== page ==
Document Actions

You are here: Home Online Magazine research & discover At your service

At your service

Many young German and Austrian women sought happiness in Switzerland as maids

Freiburg, May 30, 2017

At your service

Photo: Hilde Grangl

The Freiburg historian Dr. Andrea Althaus has explored the reasons behind the large number of young women who migrated to Switzerland throughout the course of the 20th century. Because there were not enough maids and service personnel in private households and hotels, around 30,000 female immigrants worked in the Swiss Confederacy between 1920 and 1960. Why did so many jump at the opportunity?

Idyllic landscapes, high wages and great food: Switzerland lures many young women during the course of the 20th century, such as the hotel worker Hilde Grangl in 1952.
Photo: Hilde Grangl

Great food, high wages, idyllic landscapes and cities completely spared by the ravages of two World Wars: Switzerland lured many young German and Austrian women throughout the course of the 20th century. However, it wasn't just the heavenly idea of delicious meals and tons of money that moved these women to emigrate. It was often their only chance to escape a strict parental household or dissatisfying factory work. It was a chance to learn something new.

Independent and free at last: For many of the women their time in Switzerland was a time for growing up.
Photo: Christa Strack

"We just wanted to get out of there," is something Andrea Althaus heard a lot during her conversations with some of these women. The majority of them were between 18 and 25 years old when they migrated to Switzerland. In her dissertation based on 79 life stories she gathered either in an interview or in written form, the historian refutes the common notion that the women were victimized as "maids" and immigrants. "The women have fond memories of their time in Switzerland. A lot of them said it was the best time of their lives," reports the historian. Maja Pichler is one of them. The Austrian worked as a hotel worker in Switzerland from 1957 to 1964. "It was heaven for me," she says.

Private households and the hospitality industry

Private households and the hospitality industry were the center point of her analysis. Depending on where they worked, the women's daily routine varied considerably. „Working conditions in the seasonal hotel business were particularly miserable. They had a legal right to a day off, but during the peak season that was mostly ignored," says Althaus. The workload in private households was rather heavy, but they typically got two free afternoons off as the law dictates. "Especially the women who grew up in a rural setting had a most positive memory of their brief leisure time," the researcher emphasizes. On the family farm, they always had to help out – for the first time in their lives they got to manage their own time as domestic workers in Switzerland.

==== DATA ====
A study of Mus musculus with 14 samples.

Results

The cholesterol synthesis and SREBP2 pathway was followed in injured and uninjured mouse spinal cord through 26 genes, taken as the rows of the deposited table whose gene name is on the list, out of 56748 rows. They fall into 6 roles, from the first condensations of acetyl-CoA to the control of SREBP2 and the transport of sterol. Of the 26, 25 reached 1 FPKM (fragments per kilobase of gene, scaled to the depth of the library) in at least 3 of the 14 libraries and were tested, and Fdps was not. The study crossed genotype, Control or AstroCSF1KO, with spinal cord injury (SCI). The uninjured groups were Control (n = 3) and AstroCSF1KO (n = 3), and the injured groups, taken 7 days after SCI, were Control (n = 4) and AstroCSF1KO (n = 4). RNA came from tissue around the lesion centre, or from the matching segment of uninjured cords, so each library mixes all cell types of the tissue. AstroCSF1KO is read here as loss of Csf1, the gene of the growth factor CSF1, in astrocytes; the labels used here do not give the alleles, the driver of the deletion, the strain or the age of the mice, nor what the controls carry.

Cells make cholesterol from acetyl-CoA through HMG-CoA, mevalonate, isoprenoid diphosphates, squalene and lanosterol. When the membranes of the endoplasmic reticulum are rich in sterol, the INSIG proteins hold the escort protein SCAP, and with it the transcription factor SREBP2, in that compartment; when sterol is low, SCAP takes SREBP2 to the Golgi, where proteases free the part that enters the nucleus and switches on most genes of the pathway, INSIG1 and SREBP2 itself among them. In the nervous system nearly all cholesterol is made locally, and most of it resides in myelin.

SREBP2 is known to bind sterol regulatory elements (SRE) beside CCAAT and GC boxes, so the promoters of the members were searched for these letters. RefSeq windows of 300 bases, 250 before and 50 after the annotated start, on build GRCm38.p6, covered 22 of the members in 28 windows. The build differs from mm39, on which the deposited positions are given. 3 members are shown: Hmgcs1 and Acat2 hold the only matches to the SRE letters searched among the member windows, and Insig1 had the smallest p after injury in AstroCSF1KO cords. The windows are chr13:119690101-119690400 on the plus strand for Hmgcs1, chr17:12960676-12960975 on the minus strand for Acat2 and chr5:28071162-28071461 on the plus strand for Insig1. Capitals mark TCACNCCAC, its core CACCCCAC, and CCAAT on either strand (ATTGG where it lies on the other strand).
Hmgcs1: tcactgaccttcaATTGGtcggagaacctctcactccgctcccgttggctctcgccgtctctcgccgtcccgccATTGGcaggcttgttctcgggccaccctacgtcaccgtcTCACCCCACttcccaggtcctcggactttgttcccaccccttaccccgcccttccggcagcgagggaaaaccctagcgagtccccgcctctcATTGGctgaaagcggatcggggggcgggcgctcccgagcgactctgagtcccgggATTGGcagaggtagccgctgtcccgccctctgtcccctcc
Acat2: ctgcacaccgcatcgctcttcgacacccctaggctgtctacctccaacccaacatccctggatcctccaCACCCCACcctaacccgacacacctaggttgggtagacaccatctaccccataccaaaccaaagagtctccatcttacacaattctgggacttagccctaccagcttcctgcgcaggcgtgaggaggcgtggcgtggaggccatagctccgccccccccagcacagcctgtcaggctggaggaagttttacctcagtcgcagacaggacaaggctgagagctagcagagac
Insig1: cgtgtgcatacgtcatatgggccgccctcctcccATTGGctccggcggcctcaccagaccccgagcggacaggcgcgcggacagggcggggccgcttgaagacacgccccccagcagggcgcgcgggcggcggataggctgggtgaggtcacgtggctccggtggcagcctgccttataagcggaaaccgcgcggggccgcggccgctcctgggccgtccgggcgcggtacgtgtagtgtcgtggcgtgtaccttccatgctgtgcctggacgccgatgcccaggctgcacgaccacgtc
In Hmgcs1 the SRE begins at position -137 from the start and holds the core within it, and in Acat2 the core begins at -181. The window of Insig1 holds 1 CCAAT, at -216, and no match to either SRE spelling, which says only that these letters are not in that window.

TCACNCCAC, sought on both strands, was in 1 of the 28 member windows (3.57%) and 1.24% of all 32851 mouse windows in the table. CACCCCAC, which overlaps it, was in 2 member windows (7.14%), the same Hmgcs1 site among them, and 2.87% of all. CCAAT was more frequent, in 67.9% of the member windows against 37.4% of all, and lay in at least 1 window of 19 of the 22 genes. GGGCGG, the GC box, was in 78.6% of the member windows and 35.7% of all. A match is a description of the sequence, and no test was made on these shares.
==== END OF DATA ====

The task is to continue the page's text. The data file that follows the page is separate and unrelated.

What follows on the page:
How they perceived their free time is a great example for the biographical dimension of migration. For Althaus „"migration" means more than just the geographical journey from A to B. "Even childhood experiences shaped the way they experienced their time in Switzerland. Changing addresses had an effect on how the migrants saw themselves and the world. It changed their biographical perspectives."

The worker shortage in Switzerland created favorable conditions for the migration flow that solidified into a migration system over the years due to personal networks. A lot of women who were already in Switzerland asked their friends to join them. According to Althaus the personal contacts explain why German women continued to migrate well into the 1960s despite the "Wirtschaftswunder" (economic miracle) at home.

The majority of women returned home after several years to settle down and get married. For others, however, Switzerland was just the first stop in their migration. Many went on to England or the US thereafter.

Attack on Swiss sovereignty?

While the young German and Austrian women did not create the foreign infiltration discourse, they certainly shaped part of it. In the first half of the 20th century, it had an anti-German tone. "The Swiss were gravely concerned about foreign infiltration. Du to their origin, gender and professional activity, they saw German 'maids' as a foreign infiltration threat," explains Althaus. As domestic workers and potential wives to Swiss men, they were accused of spreading foreign – that is, monarchical or Nazi – ideology as well as infectious diseases to families. They were afraid Swiss sovereignty could be weakened from the inside out. The discourse became a political issue, which later led to a more restrictive immigration policy.

The shortage of household and hotel personnel was so grave that many young German and Austrian women were allowed to migrate to Switzerland. Personal networks amongst the women quickly arose, leading to a greater willingness to emigrate well into the 1960s.
Photo: Margarete Simhofer

The women reported that they were often poorly treated and viewed as „foreigners" during that time. But most of the verbal attacks came from outside the families where they worked. The families themselves showed a great deal of support. Swiss female bosses played a particularly important role. Some of the immigrants said their female boss was like a second mother to them as they learned a great deal from her. "One woman said she learned how to assert herself through her boss' example," says the historian.
Did the women find happiness in Switzerland? Andrea Althaus agrees. "From an emancipatory perspective they certainly did. But you have to consider that oral life stories are almost always presented as success stories."

Judith Burggrabe

The exhibit „Mädchen, geh' in die Schweiz und mach dein Glück" („"Girl, go to Switzerland and find happiness") in the Dreiländermuseum Lörrach will run until October 1, 2017 and shows the results of Andreas Althaus' study.